Geology and paleontology at the California Academy of Sciences, 1895–2016: A brief overview
Alan E. Leviton, Michele L. Aldrich, "Geology and paleontology at the California Academy of Sciences, 1895–2016: A brief overview", Museums at the Forefront of the History and Philosophy of Geology: History Made, History in the Making, Gary D. Rosenberg, Renee M. Clary
In 1889, the Academy began construction of its building on Market Street in downtown San Francisco to replace the ramshackle church that had been its home for some years. It would now have space for public exhibits and its core research activities. For some of its exhibits, spectacular materials were purchased from Ward’s Natural Science Establishment, but for others, it drew upon its own collections, notably rocks and minerals. The new Academy opened its doors to the public in early 1892, but not long afterward both buildings and contents were lost in the 1906 San Francisco earthquake. The Academy rebounded and undertook construction of new facilities in Golden Gate Park where, for many years, its exhibits, apart from the magnificent Steinhart Aquarium and its displays of living fishes, consisted mostly of habitat dioramas but also included a mineralogy hall and, in time, a fossil hall, Life through Time. The mineral hall played to the human urge to collect and classify, embodied in the “rock-hound” approach of youngsters who fill their rooms with natural materials. And basic research by curators, e.g., F.M. Anderson, GD. Hanna, L.G. Hertlein, A.G. Smith, and, more recently, P.D. Roopnarine, R. Mooi, and G.C. Williams, resulted in many publications on stratigraphy, paleontology, paleocommunities, and evolution and extinctions.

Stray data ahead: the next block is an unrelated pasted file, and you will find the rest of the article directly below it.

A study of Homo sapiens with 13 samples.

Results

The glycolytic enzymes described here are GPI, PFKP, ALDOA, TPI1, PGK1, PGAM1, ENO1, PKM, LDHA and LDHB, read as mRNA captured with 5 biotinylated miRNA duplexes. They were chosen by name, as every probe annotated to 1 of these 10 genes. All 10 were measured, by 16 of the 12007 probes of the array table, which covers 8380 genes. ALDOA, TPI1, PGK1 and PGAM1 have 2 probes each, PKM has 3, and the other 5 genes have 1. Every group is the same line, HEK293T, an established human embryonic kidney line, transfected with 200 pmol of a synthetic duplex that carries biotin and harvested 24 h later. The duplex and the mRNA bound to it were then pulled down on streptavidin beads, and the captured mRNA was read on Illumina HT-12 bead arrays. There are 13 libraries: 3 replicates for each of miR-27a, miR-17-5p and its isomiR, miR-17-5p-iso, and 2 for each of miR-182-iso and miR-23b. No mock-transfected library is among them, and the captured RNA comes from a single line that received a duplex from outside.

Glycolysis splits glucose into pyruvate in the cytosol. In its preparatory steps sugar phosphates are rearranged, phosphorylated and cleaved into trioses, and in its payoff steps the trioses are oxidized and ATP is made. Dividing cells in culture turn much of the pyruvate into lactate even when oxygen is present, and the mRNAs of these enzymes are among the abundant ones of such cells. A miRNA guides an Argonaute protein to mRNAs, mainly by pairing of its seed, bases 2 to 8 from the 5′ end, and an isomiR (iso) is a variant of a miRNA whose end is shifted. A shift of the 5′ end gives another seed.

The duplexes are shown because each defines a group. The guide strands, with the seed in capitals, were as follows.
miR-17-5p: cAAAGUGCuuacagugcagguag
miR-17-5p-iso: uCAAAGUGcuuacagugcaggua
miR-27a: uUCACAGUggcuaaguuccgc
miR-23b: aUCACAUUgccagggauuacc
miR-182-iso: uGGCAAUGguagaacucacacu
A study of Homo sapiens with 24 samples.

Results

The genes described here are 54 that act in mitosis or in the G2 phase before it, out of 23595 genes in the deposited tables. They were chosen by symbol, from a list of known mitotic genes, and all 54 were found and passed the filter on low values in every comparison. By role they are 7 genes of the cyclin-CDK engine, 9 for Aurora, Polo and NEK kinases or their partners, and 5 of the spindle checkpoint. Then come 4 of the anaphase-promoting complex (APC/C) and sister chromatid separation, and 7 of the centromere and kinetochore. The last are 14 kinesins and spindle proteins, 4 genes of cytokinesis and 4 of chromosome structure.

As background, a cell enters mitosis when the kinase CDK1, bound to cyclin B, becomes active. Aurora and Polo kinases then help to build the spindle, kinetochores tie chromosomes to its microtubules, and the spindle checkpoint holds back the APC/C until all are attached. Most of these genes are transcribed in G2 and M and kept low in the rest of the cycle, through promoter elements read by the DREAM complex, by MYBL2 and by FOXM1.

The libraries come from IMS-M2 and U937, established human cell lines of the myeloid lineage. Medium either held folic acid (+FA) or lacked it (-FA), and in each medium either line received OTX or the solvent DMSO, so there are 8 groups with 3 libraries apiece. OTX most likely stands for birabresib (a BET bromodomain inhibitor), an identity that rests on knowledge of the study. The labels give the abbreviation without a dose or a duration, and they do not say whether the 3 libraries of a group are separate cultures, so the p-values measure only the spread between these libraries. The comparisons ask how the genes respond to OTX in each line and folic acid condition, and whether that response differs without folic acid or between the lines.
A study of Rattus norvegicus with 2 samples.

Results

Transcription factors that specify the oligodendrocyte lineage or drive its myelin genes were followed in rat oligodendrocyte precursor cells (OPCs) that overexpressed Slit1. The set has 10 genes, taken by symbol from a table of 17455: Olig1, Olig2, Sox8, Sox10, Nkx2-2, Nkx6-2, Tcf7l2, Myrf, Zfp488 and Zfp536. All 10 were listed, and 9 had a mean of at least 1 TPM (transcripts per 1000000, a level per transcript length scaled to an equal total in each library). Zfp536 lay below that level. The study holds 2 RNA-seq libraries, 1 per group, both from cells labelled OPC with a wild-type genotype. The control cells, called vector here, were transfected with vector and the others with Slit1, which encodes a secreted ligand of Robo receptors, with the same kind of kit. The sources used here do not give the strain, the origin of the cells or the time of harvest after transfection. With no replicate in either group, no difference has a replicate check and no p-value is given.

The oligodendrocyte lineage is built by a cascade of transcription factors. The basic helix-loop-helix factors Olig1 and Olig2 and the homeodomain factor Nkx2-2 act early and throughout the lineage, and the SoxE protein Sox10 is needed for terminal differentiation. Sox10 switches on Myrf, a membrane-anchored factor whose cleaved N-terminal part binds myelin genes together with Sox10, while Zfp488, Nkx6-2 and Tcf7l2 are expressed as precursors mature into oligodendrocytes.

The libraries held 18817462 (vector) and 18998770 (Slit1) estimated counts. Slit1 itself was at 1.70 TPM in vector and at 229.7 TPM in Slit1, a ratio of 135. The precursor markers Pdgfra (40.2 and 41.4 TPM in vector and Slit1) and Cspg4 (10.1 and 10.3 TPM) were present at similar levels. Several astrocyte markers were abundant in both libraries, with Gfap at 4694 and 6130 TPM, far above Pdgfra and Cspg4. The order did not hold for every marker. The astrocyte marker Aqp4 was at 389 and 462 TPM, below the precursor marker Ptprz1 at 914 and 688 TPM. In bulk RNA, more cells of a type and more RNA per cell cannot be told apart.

In the late 1980s, confronted by seismic concerns, the Academy replaced all but one of its buildings. And, because of exciting developments, the new geology exhibits, introduced by an eye-catching globe and text about the Earth’s crust, panels on earthquakes (California’s “bugaboo”) and on continental drift and plate tectonics and their impact on Earth history, reinforce the educational aspects of the Academy’s public outreach. Also given Kociolek and Fourtanier’s studies of diatoms, and more recently paleobiodiversity and biogeography by Mooi, Roopnarine, and students, and with fossil and mineral collections, managed by Jean DeMouthe, now numbering in the millions of specimens, outreach and basic research continue unabated.
Natural history museums have evolved over the past 500 years to become vanguards of science literacy and thus institutions of democracy. Curiosity about nature and distant cultures has proven to be a powerful lure, and museums have progressively improved public engagement through increasingly immersive exhibits, participation in field expeditions, and research using museum holdings, all facilitated by new technology. Natural history museums have dispersed across the globe and demonstrated that public fascination with ancient life, vanished environments, exotic animals in remote habitats, cultural diversity, and our place in the cosmos is universal. This volume samples the story of museum development and illustrates that the historical successes of natural history museums have positioned them to be preeminent facilitators of science literacy well into the future.